Tribune News Service
Imagine being one of 800,000 undocumented immigrants given the opportunity as a young child to achieve your dreams. Imagine knowing no other life besides in the United States, and suddenly being threatened to return to a country you can’t remember.
The Deferred Action for Childhood Arrivals (DACA) is a program introduced in 2012 by former President Barack Obama to protect immigrants, also known as Dreamers, brought to the U.S. illegally as minors by their parents. The label Dreamer derives from a bill called the Development, Relief and Education for Alien Minors (DREAM) Act, introduced in 2001 and has still not been passed by Congress.
Senior Juan Prats’ family is not a part of the DACA program, but his mother is an immigrant from Cuba who moved to the U.S. at the young age of 2, and became a citizen after 10 years of living with a visa.
“If I had to leave to go [to Cuba] it would be a huge adjustment mainly because they just don’t have all the technology available to them that we do here in the U.S., and lots of things are government controlled because it’s a communist country,” Prats said.
Children of immigrants, like Prats, can feel more connected to the country they’re raised in, rather than where their heritage is based, similar to Dreamers.
DACA has many contributing parts to it, but it mainly promises young, undocumented immigrants who meet the requirements and have no significant criminal record that they will not be deported for two years and grants them work permits in that same period of time. Every two years, Dreamers can renew their application.
DACA recipients still participate in an American life, like paying taxes and social security, but they remain ineligible for federal benefits — Medicaid, financial aid for college and emergency assistance for some Dreamers who are currently facing damages from Hurricanes Irma and Harvey.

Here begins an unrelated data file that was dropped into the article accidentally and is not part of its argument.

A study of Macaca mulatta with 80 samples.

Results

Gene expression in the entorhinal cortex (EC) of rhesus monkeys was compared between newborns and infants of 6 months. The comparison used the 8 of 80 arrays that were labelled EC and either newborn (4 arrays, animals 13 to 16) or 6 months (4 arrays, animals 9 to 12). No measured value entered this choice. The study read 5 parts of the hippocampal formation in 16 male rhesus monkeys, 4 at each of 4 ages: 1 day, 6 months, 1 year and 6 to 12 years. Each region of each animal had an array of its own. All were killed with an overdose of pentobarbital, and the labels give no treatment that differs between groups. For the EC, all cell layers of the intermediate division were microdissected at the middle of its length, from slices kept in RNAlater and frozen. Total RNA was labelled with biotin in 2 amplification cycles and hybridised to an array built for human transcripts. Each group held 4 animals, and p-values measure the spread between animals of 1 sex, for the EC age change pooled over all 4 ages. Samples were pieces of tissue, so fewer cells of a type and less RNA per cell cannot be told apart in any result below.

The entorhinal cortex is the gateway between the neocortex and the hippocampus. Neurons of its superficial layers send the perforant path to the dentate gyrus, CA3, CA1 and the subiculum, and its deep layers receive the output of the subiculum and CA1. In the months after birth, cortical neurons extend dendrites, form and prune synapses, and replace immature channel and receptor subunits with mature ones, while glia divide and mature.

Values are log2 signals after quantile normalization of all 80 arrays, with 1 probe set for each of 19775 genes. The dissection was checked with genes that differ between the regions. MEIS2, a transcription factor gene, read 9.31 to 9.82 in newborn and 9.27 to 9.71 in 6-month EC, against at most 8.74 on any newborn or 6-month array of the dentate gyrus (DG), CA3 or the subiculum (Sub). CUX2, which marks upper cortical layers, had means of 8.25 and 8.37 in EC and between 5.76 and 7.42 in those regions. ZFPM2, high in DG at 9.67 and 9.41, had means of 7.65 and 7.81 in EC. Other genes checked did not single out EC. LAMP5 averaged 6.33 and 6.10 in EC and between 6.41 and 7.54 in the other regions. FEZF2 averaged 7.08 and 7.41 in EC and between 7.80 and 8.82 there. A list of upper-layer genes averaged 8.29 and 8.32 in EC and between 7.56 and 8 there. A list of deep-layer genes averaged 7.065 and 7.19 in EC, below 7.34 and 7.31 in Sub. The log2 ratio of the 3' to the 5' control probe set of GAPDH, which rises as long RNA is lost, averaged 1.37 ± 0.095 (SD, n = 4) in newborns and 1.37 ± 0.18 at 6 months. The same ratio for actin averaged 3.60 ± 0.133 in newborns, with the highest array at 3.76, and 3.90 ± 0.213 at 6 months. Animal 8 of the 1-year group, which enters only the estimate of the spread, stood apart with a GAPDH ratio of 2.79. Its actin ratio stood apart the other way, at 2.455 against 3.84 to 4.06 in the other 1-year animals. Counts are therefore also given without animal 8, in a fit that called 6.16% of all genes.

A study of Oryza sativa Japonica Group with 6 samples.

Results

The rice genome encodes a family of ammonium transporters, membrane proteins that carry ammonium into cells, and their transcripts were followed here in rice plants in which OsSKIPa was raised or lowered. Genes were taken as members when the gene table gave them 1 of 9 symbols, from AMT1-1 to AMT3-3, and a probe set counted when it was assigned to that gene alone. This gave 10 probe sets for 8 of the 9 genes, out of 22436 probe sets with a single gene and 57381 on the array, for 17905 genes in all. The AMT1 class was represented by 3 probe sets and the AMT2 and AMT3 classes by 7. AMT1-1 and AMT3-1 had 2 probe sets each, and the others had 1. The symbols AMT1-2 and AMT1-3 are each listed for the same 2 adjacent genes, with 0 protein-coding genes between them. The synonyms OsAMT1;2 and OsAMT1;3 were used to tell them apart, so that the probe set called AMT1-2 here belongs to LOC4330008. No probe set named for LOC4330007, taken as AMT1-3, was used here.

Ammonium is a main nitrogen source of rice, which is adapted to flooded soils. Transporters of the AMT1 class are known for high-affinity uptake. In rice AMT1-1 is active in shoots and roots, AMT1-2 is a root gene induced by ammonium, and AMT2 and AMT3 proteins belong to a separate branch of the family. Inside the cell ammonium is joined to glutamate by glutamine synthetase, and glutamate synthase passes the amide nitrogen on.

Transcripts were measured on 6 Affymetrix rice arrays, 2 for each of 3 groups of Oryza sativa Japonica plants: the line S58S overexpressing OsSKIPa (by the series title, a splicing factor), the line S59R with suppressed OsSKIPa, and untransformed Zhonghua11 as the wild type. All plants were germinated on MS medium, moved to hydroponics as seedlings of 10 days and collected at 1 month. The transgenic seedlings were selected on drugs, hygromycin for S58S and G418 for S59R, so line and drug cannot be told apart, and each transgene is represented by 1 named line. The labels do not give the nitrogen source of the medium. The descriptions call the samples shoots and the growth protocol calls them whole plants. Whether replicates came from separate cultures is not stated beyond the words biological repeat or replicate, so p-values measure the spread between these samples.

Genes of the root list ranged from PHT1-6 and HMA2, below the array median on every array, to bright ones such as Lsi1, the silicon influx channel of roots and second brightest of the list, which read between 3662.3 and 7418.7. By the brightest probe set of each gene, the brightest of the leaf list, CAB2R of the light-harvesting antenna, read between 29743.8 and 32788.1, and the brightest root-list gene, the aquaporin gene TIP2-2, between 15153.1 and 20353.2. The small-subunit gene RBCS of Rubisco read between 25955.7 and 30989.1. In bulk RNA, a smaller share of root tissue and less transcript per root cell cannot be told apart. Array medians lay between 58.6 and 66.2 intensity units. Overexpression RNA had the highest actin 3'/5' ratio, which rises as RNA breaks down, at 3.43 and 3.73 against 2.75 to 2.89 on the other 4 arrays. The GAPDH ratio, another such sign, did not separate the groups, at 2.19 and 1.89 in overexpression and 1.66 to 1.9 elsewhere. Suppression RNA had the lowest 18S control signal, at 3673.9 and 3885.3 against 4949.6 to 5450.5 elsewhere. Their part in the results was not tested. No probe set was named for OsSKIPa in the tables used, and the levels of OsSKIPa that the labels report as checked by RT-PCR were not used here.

Two years after the program began, Obama introduced an expansion of DACA and the creation of the Deferred Action for Parents of Americans and Legal Permanent Residents (DAPA) program, which was blocked in 2016 by a lawsuit filed by 26 states, including Kansas, that deemed the expansions unconstitutional.
After this decision, people began to question DACA’s constitutionality.
Ten Republican attorney generals wrote a letter to Attorney General Jeff Sessions threatening to launch a legal challenge against DACA through a lawsuit in federal court. They gave him until Sept. 5 to determine the program’s fate.
That day, Sessions and the Trump Administration announced its plan to end DACA in the next six months.
The final decision is up to Congress. Should they decide not to create a permanent plan to wave off mass deportations, 800,000 immigrants will lose their rights to work and live in the U.S. and be forced to return to a country they don’t know.
While being an immigrant who became a citizen and being an illegal immigrant are different experiences, Prats said he still notices the benefits of living here.
“The U.S. has been able to help [my mom] live a healthier lifestyle and a much more advanced one,” he said. “Freedom really is what it comes down to for her.”